This is the third blog in a series where we will explore excellence in online curriculum for secondary education and what to consider when partnering with an online learning provider.
Students are more engaged and try harder when instruction and tasks are meaningful to them. Motivation to learn can come from personally relevant goals which can be developed when students have personal choice and control over their own learning.
Students learn more when information is presented in different ways -- direct instruction, text, audio, video, and interactive simulations are just a few examples.
Research Put into Practice: Apex Learning Curriculum and Pedagogy examines what it means for a student to learn and presents research pointing to the elements of curriculum design that are necessary for supporting learning in middle and high schools.
The stakes are high for students today who face increased challenges of globalization and changing economic and social opportunities. To prepare secondary students for success in college, work and life, curriculum must prepare them to develop expertise, accomplish complex tasks and solve complex problems.
A recent article in Slate, part of a series covering the rise of online learning, profiles the author’s experience using one vendor’s digital curriculum. He was bored and unmotivated. The author also questioned the rigor of the courses, specifically the structure and how concepts were presented.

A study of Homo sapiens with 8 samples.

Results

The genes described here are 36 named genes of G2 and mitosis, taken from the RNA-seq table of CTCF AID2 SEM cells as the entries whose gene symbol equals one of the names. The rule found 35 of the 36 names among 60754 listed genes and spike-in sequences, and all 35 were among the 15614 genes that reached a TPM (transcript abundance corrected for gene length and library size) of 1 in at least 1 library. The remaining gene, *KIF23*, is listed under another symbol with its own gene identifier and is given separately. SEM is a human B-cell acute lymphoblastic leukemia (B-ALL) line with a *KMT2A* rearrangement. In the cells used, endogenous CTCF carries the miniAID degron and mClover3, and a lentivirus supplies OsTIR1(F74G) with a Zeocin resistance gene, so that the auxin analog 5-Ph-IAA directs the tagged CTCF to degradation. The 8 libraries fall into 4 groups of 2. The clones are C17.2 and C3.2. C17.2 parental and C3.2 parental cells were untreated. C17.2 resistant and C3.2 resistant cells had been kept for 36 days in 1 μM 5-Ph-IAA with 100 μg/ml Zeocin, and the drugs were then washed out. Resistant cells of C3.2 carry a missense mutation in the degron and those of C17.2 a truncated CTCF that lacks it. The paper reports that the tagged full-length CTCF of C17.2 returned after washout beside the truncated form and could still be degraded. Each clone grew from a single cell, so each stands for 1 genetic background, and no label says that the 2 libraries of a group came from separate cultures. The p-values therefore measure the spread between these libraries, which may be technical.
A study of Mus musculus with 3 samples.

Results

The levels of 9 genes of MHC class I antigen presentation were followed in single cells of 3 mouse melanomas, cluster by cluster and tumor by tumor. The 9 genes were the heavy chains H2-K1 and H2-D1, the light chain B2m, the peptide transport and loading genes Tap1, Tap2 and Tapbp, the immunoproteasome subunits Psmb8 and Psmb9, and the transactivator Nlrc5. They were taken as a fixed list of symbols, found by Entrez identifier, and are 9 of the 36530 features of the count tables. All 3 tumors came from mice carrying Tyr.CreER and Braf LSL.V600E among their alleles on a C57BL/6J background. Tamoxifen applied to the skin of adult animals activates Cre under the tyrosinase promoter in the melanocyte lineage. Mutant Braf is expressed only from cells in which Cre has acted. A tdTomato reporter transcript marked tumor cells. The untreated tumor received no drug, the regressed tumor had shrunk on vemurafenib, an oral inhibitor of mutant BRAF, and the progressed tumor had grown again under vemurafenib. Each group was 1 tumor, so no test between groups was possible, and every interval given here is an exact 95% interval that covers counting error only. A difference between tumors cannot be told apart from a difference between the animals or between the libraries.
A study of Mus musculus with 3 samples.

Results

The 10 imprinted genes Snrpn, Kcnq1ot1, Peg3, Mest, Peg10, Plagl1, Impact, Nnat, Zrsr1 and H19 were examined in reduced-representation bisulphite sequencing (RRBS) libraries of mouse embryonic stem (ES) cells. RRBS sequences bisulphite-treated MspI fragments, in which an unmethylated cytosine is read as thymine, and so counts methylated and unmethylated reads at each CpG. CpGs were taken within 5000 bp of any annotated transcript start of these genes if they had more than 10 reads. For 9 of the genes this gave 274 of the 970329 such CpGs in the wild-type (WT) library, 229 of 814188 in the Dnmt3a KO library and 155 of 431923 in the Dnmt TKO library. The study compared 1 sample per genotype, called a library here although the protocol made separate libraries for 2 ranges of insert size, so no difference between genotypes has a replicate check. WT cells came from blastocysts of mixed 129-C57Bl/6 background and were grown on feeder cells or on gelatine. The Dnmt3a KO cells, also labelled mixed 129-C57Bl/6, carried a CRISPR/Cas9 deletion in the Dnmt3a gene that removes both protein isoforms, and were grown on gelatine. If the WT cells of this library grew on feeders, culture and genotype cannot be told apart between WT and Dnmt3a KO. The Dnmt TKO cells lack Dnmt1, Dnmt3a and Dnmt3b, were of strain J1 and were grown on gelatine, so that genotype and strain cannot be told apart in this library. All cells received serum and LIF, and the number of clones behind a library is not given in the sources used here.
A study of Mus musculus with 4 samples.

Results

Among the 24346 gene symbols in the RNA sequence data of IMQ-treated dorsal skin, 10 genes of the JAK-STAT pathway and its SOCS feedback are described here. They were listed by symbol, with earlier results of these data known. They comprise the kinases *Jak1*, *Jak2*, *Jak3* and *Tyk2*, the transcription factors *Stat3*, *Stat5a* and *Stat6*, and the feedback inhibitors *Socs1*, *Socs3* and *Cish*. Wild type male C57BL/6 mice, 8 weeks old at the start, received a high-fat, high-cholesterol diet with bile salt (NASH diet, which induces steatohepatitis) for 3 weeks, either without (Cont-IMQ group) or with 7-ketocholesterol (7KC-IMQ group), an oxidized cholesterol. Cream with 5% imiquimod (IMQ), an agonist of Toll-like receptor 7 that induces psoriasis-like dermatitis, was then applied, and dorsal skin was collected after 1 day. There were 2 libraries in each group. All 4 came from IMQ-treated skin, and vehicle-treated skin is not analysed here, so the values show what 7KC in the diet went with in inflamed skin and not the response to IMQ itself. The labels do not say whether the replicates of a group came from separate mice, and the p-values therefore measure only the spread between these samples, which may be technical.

For non-traditional students, outside factors can often interfere with a student’s learning in a traditional brick and mortar setting. Digital curriculum can be an empowering experience for these students. In traditional teacher-centered classrooms, non-traditional students often indicate that they have little control over their learning. In a digital curriculum environment, however, they are often better able to make choices over the path and pace of their learning. Digital content simply affords options for non-traditional students that often better meet their learning needs.